Liquidity Not A Crisis, Says Nirmala Sitharaman After Meeting Bank Chiefs


Issues such as liquidity, rate cut and credit disbursal were on the top agenda of discussions between FM and the lenders, an official statement said.

Finance Minister Nirmala Sitharaman said on Thursday that there are no liquidity-related problems being faced by private sector banks and non-banking financial companies (NBFCs). “Sum and substance of what I heard was that there is no liquidity crisis,” the Finance Minister said at a press conference after a meeting with representatives of banks, non-banking financial companies (NBFCs) and housing finance companies. Her meeting with the banking industry comes within a month of the government announcing a slew of measures to revive the economy, which is struggling against a six-year low growth rate and lakhs of job losses.

“If there was a problem of liquidity, it was in the wholesale financing, and not in the retail,” Ms Sitharaman said.

Issues such as liquidity, rate cut and credit disbursal were on the top agenda of discussions between the Finance Minister and the lenders, an official statement said.

Ms Sitharaman also said banks have been invited to participate in the credit outreach programme spanning 400 districts. The government had said last week that the public meetings between banks and borrowers will be held in two tranches.

“Many of the microfinance institutions and microfinance units which have come here are in deep country… they said that in those areas there is still demand and they are extending loans. All of them clearly voiced a positive growth which is a good encouraging story,” the Finance Minister added.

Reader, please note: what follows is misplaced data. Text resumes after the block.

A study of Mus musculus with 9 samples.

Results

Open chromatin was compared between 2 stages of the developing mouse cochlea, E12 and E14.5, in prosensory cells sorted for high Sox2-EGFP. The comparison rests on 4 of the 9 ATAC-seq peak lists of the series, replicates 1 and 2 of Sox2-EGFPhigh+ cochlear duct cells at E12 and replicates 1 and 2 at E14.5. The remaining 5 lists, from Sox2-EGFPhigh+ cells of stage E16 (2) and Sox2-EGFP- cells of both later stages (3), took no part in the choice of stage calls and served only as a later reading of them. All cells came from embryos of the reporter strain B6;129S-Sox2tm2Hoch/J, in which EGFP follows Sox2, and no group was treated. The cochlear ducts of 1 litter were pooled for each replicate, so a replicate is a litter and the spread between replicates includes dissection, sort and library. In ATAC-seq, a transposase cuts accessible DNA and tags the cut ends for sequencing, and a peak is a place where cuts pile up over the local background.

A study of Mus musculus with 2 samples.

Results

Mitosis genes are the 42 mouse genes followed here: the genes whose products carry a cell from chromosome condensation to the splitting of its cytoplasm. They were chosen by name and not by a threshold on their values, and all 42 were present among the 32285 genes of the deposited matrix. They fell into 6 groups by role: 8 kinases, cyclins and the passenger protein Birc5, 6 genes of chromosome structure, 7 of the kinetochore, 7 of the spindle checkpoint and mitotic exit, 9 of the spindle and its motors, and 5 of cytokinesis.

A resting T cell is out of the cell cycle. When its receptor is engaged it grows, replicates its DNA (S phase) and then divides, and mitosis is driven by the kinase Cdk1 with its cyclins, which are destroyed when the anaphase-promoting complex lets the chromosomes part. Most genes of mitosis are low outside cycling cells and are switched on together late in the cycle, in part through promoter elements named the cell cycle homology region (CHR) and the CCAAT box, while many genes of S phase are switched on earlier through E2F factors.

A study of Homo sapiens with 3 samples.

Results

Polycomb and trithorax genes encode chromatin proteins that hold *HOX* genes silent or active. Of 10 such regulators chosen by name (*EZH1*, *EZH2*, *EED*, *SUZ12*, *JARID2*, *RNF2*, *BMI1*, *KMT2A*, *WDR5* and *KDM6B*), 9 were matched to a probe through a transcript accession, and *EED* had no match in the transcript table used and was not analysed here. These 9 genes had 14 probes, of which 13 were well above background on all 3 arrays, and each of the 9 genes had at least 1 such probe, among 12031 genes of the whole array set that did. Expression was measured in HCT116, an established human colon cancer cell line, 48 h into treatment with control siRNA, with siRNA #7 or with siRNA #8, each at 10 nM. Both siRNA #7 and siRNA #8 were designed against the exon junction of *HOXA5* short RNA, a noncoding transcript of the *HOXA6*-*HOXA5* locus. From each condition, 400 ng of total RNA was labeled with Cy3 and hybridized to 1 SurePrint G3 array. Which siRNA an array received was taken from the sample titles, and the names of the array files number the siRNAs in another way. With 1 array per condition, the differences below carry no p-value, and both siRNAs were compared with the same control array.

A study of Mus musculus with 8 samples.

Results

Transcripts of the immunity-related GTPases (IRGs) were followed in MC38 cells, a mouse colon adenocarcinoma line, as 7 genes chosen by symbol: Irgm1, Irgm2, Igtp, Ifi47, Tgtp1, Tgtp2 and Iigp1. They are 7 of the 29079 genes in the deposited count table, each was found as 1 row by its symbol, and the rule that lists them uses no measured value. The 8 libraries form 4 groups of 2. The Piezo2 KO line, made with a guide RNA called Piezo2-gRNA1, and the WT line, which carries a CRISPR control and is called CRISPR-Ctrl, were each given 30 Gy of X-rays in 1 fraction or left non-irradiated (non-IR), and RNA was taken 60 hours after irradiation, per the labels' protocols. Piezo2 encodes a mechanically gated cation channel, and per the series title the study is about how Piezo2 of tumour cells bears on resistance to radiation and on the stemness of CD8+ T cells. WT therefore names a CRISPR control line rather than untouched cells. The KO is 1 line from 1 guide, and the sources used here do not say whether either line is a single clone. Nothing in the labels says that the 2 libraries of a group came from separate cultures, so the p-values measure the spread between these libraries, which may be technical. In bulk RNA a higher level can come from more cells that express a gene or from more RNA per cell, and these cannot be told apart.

Describing the discussions as “a very tonic-like meeting”, Ms Sitharaman said: “The message I got is that consumption is happening.”

She also said that the service sector has shown “a high appetite” for credit.

Speaking on the automobile sector, Ms Sitharaman said that the low commercial vehicle demand is a cyclical problem. The slump in commercial vehicle sales is likely to pick up in next one-two quarters, she added.

She also said that the slowdown in passenger vehicle sales is driven by “sentiments” and would improve in near future.

Passenger vehicle sales plunged 31.57 per cent year-on-year to 196,524 units in August, falling for the 10th straight month, data from industry body SIAM showed this month. That marked the steepest fall in passenger vehicle and car sales ever.

All financial institutions are largely optimistic and hoping that the upcoming festive season would boost consumption and demand, the Finance Minister added.


India’s GDP or gross domestic product expanded 5 per cent in the quarter ended June, marking the lowest pace of growth in more than six years.